DENVER ― In front of any other audience, it would have been a risky opener.
Just after taking the stage at his presidential campaign’s new flagship office in downtown Denver on Saturday, Michael Bloomberg — net worth $61 billion — joked about wanting to find a stand-in so he could instead spend the day at his Vail vacation home.
Instead of alienating the at-capacity crowd in the 5,000-square-foot former Patagonia store, the largely white, slightly older audience gave a knowing laugh.
While Bloomberg’s wealth has drawn scorn from critics who accuse him of attempting to buy the presidency, that concern wasn’t shared by many attendees.
Kristi Sweeney, a certified financial planner who was in attendance with her husband, gave Bloomberg a pass on his self-funded campaign given what she sees as the urgency of getting President Donald Trump out of office.
“I can understand peoples’ concerns, but this is a unique election,” she said. “I don’t think a candidate should have to have wealth, but the fact that he is wealthy might be a plus in this election.”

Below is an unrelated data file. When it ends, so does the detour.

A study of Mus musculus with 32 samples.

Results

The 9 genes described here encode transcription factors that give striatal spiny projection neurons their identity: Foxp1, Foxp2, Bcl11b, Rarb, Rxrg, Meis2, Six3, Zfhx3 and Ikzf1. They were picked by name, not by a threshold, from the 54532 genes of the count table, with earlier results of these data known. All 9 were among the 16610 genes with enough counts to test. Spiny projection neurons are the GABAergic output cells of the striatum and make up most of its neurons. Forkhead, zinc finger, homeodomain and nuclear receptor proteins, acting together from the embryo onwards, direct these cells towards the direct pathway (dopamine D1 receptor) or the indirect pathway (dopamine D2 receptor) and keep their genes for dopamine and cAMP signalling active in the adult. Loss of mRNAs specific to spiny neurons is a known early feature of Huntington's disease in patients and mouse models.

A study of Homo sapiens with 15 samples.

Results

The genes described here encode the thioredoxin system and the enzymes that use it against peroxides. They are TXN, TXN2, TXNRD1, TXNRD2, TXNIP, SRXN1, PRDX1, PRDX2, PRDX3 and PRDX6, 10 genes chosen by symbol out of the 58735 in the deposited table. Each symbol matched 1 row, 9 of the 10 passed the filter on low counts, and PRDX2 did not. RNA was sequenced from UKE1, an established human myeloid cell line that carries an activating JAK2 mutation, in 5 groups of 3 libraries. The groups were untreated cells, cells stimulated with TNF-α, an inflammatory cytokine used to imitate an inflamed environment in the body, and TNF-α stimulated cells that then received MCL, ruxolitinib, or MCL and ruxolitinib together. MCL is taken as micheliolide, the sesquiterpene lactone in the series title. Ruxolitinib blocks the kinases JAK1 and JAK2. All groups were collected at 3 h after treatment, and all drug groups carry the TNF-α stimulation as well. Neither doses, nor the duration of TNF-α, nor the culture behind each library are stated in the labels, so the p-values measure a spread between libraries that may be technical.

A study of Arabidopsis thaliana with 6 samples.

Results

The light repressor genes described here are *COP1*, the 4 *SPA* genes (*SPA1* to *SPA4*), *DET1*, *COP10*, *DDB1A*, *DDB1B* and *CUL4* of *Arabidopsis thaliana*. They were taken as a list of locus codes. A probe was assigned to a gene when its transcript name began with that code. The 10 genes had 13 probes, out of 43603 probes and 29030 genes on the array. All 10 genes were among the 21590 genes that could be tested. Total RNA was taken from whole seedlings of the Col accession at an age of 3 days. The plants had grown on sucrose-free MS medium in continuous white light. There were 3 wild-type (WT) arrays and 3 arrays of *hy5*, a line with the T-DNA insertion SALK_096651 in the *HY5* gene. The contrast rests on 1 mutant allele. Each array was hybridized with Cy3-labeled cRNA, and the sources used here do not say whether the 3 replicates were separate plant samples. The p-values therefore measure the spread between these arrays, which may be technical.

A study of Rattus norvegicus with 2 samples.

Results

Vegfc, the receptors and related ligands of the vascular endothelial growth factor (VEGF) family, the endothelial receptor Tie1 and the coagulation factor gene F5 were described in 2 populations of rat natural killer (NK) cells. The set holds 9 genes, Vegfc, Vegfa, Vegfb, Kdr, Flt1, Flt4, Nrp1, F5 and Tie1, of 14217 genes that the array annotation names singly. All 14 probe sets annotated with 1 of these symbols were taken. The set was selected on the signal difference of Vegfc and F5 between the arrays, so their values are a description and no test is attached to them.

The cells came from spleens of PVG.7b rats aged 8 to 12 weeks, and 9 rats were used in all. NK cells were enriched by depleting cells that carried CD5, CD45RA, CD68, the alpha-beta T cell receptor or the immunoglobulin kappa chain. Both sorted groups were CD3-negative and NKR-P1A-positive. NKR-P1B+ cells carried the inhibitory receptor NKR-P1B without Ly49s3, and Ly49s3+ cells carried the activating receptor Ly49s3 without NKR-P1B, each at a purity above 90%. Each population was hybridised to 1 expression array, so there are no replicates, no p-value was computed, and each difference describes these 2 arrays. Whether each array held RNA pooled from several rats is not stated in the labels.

The self-described moderate said she was also weighing the candidacies of Sen. Amy Klobuchar (D-Minn.) and former Vice President Joe Biden. “We’re looking for the candidate who can win,” said Sweeney. “We’re desperate for that.”
Bloomberg didn’t mention a single primary challenger in his 15-minute stump speech, instead going after the president on issues like gun control, health insurance “for everyone who needs it,” education reform and climate change.
“We need someone that does not cast aside Trump voters as bad people. They voted for him because they’re desperate,” said Phil Ord, a 28-year-old self-described pro-nuclear environmentalist. “We can’t just ignore parts of the country.”
In one of his bigger applause lines, the former New York City mayor called out Trump for being a climate denier. “I’m an engineer, I actually believe in science,” he said. “Imagine that!”
That was welcome news to Rich and Tami Ward, who described themselves as “all in” on Bloomberg after the event. Rich, 48, listed the environment, gun control, and improving teachers’ salaries, as priorities, as did Tami, who owns a local hair salon.
Despite being all in, Tami acknowledged that “if Bloomberg doesn’t get the Democratic nomination, obviously we’ll get behind someone.”
So will Bloomberg. If he doesn’t secure the nomination, he’s pledged to support whoever does ― a point he made Saturday to big applause.
Others seemed a bit less open-minded.
Asked if she was considering any candidate other than Bloomberg, Denver real estate agent Marilyn Newell was emphatic: “Not only no ― hell no,” she said. “I wish [Sens. Elizabeth] Warren and [Bernie] Sanders would go back to the Senate and do their jobs.”